Oxalic Acid

Nature

  • Also known as Ethanediolic acid, Dicarboxylic acid, acid of sugar and Salt of sorrel.
  • Oxalic acid is Colourless, transparent, odourless, prismatic crystals resembling the crystals of magnesium sulphate and zinc sulphate.
  • It has sour and slightly bitter acidic taste.
  • It is a relatively strong acid, and forms a white, dihydrate precipitate.
  • It is present in rhubarb leaves, beets and many other vegetables., Potassium oxalate, sodium oxalate and ammonium oxalate are toxic salts of oxalic acid.
Chemical Structure of Oxalic Acid

Source

  • This acid occurs naturally in plants and vegetables such as wood sorrel , rhubarb and spinach.
  • Oxalic acid also produced from the metabolism of moulds and also from the extraction of alkali.

Uses

  • It is used in paint, stain and varnish removers, rust and ink stain removers, and ceramics.
  • It is also used in general metal and equipment cleaning, wood cleaning, process engraving, printing and dyeing, bleaching, textile finishing, leather tanning, and photography.
  • It is also used in cleaning brass and copper articles.

Fatal Dose

The fatal dose of oxalic acid is 15 to 20 gm.

Fatal Period

The fatal period of oxalic acid is 1 to 2 hours.

Mode of Action

Local- It acts as corrosive when used in concentrated form and act as irritants when used in dilute form.

Systemic- After absorption, oxalic acid combines with calcium ion and causes hypocalcemia, since it reacts with calcium in plasma, and insoluble calcium oxalate is precipitated which accumulates in the liver, kidneys, heart, lungs, and blood, and is excreted in the urine. It also causes tubular necrosis and renal failure.

Sign and Symptoms

Local

  • Whitish or yellowish Corrosion of mucosa with underlying congestion. The corroded area is referred as ‚Äúscalded‚ÄĚ in appearance.
  • Production of acid haematin.

Systematic

  • Vomiting and diarrhea
  • Hypocalcemia (tetany)
  • Muscle irritability
  • Tenderness
  • Cramps
  • Convulsions
  • Accoucher‚Äôs hand due to carpopedal spasm.
  • Chavostek‚Äôs sign positive. When tapping is done over facial nerve area, there is spasm of facial muscles.
  • Metabolic acidosis
  • Renal failure
  • Uremia
  • Calcium oxalate crystals can be deposited in the liver resulting in hepatic necrosis.

Fulminating Poisoning

  • Burning pain from the mouth to the stomach.
  • There is a burning, sour, bitter taste in the mouth.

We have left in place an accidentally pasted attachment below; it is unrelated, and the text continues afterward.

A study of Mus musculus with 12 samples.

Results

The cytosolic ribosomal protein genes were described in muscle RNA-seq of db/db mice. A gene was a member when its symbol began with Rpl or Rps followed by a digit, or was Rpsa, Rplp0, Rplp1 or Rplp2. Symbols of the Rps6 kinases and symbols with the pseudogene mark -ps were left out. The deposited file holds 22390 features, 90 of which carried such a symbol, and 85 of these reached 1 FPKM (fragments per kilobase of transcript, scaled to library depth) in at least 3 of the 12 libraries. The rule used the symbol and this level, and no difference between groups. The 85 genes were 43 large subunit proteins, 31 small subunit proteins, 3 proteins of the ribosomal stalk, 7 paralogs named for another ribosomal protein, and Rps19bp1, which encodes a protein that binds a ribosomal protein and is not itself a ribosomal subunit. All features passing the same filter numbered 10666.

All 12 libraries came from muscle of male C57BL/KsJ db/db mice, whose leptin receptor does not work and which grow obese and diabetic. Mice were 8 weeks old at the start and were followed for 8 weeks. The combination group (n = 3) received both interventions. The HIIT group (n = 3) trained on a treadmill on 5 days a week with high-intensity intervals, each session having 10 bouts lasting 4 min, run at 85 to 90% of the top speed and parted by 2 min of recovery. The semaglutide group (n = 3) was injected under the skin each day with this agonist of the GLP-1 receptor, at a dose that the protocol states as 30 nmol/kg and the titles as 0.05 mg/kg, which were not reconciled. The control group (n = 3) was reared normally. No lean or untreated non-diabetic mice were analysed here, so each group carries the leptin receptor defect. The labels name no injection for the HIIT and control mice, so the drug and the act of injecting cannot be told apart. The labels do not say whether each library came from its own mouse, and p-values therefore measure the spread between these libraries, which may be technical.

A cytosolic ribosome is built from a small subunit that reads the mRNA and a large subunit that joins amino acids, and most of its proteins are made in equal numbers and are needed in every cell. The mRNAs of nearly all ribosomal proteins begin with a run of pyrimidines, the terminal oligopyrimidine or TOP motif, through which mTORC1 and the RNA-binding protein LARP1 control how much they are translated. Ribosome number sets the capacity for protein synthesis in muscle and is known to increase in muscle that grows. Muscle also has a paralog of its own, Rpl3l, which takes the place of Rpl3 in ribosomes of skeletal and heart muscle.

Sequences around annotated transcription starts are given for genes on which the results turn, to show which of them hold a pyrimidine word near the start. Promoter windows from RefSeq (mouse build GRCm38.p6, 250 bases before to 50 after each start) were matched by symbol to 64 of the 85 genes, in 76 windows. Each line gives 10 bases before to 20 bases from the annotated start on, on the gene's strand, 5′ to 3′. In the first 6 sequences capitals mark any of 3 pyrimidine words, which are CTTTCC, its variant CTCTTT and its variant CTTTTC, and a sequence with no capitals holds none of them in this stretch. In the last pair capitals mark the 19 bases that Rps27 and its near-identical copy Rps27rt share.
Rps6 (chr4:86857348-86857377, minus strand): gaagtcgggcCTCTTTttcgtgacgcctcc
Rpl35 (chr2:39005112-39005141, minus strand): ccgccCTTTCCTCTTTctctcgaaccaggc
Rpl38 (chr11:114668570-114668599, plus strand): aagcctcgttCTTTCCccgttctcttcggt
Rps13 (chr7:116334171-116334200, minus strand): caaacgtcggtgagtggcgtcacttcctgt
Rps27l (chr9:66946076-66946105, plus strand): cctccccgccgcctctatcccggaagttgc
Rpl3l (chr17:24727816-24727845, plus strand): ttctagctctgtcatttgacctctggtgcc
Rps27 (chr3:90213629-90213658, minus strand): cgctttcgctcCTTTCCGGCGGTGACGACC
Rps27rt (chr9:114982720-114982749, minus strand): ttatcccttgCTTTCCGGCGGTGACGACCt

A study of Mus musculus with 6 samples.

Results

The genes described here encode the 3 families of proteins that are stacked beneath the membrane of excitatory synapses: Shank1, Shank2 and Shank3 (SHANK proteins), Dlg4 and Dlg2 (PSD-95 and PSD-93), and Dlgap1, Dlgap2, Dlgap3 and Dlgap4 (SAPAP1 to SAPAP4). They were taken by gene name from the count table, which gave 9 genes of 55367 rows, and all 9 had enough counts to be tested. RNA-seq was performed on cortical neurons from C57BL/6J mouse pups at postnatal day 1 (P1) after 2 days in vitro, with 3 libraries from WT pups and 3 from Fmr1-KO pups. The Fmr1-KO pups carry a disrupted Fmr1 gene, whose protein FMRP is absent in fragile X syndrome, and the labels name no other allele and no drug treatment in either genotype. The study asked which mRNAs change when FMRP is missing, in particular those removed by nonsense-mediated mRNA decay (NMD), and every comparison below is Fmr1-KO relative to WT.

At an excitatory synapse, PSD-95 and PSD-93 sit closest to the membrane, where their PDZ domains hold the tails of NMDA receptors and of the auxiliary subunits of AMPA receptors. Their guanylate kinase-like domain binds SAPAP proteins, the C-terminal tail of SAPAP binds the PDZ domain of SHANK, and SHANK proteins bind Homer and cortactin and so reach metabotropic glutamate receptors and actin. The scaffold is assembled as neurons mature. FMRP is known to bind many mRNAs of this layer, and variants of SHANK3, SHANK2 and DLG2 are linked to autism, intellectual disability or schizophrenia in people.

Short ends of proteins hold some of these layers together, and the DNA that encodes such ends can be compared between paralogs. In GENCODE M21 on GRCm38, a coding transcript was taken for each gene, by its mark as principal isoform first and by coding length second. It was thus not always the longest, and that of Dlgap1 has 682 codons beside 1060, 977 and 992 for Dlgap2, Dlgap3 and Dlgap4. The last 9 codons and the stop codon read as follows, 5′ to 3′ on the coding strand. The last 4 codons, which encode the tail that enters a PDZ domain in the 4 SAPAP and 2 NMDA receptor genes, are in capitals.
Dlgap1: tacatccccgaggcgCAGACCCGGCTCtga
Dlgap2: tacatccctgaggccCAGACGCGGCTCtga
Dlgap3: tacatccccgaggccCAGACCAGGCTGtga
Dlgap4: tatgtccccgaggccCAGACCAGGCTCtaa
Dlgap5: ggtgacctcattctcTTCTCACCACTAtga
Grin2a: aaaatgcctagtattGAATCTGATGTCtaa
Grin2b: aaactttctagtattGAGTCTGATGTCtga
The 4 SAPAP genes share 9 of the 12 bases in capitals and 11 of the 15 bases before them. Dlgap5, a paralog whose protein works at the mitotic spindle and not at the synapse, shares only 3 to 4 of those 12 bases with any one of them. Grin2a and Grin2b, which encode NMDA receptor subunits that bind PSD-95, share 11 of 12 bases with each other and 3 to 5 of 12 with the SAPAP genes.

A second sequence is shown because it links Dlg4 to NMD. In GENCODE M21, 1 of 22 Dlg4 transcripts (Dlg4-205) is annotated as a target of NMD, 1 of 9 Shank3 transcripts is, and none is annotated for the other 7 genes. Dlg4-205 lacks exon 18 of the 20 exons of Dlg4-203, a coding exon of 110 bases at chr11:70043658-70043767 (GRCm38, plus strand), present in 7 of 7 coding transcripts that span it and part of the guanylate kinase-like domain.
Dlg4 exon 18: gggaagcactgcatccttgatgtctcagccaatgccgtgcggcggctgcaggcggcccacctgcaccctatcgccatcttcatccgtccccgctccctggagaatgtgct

• Constriction around the throat.
  • Nausea
  • Vomiting
  • Death usually occurs before bowels are affected, but if life is prolonged diarrhoea will occur.

Treatment

  • Local exposure: Wash the affected skin with copious water.
  • Stomach washes with calcium gluconate or lactate solution.
  • Gastric lavage with Calcium gluconate IV (10 ml, 10% solution).
  • Dialysis or exchange transfusion for renal failure.
  • Affected skin or eye should be washed copiously with water.
  • Symptomatic.
  • Dialysis and exchange transfusion for renal failure.
  • Parathyroid extract 100 units i.m. in severe case.
  • The bowels may be evacuated or by castor oil.

Detection and Forensic Examination

  • Demonstration of urinary oxalate crystals which may occur either as monohydrates (prism or needle-like), or dihydrates (tent or envelope shaped).
  • Oxalic acid can be measured in the urine by colourimetry. The normal upper limit is 40 to 50 mg/24 hours.
  • Average serum oxalate concentration is said to be 1.4 mg/L.
  • A solution of barium nitrate gives a white precipitate of barium oxalate, which is soluble in hydrochloric acid or nitric acid.
  • Litmus test.
  • Gas chromatography- mass spectrometry.
  • HPLC
  • Titration

Postmortem Aspects

  • Scalded mucosa of gastro intestinal tract.
  • Mucous membrane of mouth, tongue, pharynx, and esophagus may be bleached and has scalded appearance.
  • Kidneys show edema.
  • Congestion with oxalate crystals in renal tubules with necrosis of proximal convoluted tubule.
  • Whitish or yellowish discolorations of corroded areas.
  • The mucous membrane of the stomach is reddened or punctuate from erosions or almost black.
  • Upper part of the duodenum may be affected.
  • There will be congestion of the lungs, liver, kidneys and brain, without any local appearances.

Medico Legal Aspect

  • Accidental causes, e.g. mistaking the substance for Epsom salt, sodium bicarbonate, etc. Accidental poisoning may also result from excessive ingestion of certain vegetables rich in oxalates (rhubarb leaves,sorrel, etc.). Even tea is said to contain significant amounts of oxalate.
  • Chronic consumption of oxalic acid can lead to renal calculi with consequent renal colic.
  • Occasional cases of suicide and homicide with oxalic acid have been reported
  • Rarely, it is used to procure abortion by vaginal injection.

References

  • Dr. K.S. Narayan Reddy. The essential of forensic medicine and toxicology.34th edition.
  • VV Pillay. Modern medical toxicology.4th edition.
  • R.K.Sharma. Concise textbook of forensic medicine and toxicology. 3rd edition.